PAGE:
In a previous issue of Michigan Gardener, mint marigold was mentioned as being able to destroy bindweed and ground ivy. How do I grow it? Is there a better way to get rid of the ground ivy that is overrunning my lawn, garden, driveway, pond, and vegetable patch?
Mint marigold (Tagetes minuta) is a South American herb that grows readily from seed sown directly into the soil once danger of frost is past. It thrives in full sun and will choke out ground elder, bindweed, couch grass and ground ivy as it reaches its full height of six to eight feet. Considered a cash crop in South America for its oil, uses as a condiment and in beverages, it is sometimes considered a weed by others.
If bindweed is a problem in a large sunny area for you, it might be worth a try. However, ground ivy tends to like moist, shady areas as well as sun. For perennial weeds such as these two, there are three types of control: cultural (including crop rotation, such as growing the mint marigold), mechanical and chemical.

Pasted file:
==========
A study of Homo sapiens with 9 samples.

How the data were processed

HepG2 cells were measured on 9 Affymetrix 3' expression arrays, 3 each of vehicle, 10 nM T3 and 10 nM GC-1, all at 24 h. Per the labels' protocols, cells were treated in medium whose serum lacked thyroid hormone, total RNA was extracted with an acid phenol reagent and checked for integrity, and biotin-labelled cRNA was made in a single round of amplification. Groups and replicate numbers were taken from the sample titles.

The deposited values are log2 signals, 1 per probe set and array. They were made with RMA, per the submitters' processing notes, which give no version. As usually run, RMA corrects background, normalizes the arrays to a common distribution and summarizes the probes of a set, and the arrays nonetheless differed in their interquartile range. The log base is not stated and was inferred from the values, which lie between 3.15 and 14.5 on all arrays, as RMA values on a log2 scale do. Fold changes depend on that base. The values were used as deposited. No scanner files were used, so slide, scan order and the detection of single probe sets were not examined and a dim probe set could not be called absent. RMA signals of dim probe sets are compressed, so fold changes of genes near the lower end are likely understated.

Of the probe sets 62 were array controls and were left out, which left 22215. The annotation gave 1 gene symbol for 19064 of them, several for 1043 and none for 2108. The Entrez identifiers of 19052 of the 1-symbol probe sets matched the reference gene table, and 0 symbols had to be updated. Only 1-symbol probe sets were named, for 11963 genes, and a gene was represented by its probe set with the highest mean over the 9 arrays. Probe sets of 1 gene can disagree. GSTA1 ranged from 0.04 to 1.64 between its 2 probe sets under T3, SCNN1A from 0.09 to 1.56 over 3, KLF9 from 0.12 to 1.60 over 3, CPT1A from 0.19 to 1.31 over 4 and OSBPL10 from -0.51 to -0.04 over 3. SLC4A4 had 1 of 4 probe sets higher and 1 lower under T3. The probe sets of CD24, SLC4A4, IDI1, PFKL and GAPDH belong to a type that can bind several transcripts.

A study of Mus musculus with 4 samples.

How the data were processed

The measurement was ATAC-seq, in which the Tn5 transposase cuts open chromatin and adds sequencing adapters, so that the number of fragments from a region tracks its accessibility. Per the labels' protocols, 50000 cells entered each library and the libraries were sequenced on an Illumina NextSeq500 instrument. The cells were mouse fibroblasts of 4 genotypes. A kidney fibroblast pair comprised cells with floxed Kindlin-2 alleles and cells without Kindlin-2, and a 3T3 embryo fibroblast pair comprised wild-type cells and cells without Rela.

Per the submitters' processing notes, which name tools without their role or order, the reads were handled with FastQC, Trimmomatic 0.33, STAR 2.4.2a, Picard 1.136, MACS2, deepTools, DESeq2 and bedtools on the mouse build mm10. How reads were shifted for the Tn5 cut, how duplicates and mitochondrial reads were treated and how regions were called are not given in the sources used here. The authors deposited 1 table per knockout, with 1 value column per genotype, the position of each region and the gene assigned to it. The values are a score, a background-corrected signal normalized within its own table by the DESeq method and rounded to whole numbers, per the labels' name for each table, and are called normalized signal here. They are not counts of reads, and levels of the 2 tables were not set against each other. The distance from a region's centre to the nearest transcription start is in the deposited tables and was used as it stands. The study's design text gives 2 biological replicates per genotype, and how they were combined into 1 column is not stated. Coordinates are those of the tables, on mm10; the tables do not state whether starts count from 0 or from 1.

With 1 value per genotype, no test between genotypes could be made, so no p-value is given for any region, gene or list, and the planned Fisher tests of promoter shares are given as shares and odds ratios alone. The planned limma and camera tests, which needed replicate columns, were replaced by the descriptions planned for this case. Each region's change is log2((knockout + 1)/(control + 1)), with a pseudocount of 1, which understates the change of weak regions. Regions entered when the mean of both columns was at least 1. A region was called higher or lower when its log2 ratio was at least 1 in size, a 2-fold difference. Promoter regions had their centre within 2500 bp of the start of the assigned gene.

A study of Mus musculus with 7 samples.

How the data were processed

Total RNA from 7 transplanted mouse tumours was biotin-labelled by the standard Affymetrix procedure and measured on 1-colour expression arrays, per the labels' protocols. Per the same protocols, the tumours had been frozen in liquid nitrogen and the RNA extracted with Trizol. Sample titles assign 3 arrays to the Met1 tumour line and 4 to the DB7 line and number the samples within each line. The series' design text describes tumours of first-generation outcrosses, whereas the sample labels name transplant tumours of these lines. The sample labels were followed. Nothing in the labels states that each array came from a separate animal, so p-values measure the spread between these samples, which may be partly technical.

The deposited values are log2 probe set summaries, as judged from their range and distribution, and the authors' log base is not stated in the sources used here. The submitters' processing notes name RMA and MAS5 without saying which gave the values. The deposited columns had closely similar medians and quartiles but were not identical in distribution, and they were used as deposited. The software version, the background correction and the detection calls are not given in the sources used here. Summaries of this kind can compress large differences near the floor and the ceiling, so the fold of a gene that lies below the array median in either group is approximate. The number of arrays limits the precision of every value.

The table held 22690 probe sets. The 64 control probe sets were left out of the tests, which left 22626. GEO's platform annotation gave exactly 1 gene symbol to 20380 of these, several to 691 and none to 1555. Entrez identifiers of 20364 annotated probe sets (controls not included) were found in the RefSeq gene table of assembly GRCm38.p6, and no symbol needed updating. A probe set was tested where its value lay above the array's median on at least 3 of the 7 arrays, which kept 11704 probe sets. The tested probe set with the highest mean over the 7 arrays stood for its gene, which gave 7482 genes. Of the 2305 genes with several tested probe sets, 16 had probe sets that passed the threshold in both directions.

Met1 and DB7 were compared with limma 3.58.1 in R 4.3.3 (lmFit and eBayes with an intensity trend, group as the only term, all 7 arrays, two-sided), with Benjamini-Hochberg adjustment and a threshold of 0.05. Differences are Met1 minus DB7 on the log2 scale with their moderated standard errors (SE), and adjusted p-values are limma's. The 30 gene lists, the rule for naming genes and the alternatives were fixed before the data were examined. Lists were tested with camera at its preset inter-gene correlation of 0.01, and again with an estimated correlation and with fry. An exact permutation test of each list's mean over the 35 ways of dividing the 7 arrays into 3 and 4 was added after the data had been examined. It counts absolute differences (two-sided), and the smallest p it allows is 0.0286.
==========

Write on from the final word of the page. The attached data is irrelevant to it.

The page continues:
As was described in the “Weed Watch” column in the April 2004 Michigan Gardener, to naturally control ground ivy in turf grass, maintain turf density and health through proper culture. Mechanical removal in turf is difficult and rarely effective. Ground ivy is shallow-rooted and it roots at each joint whenever it touches the soil, making it difficult to pull by hand. In beds it can be controlled by diligent and consistent removal. Mechanical removal is accomplished by using a garden fork to loosen the soil about 3 inches deep and gently working the roots out.
To control ground ivy by chemical means, a post-emergent herbicide needs to be used. Pre-emergent herbicides do not work on established ground ivy.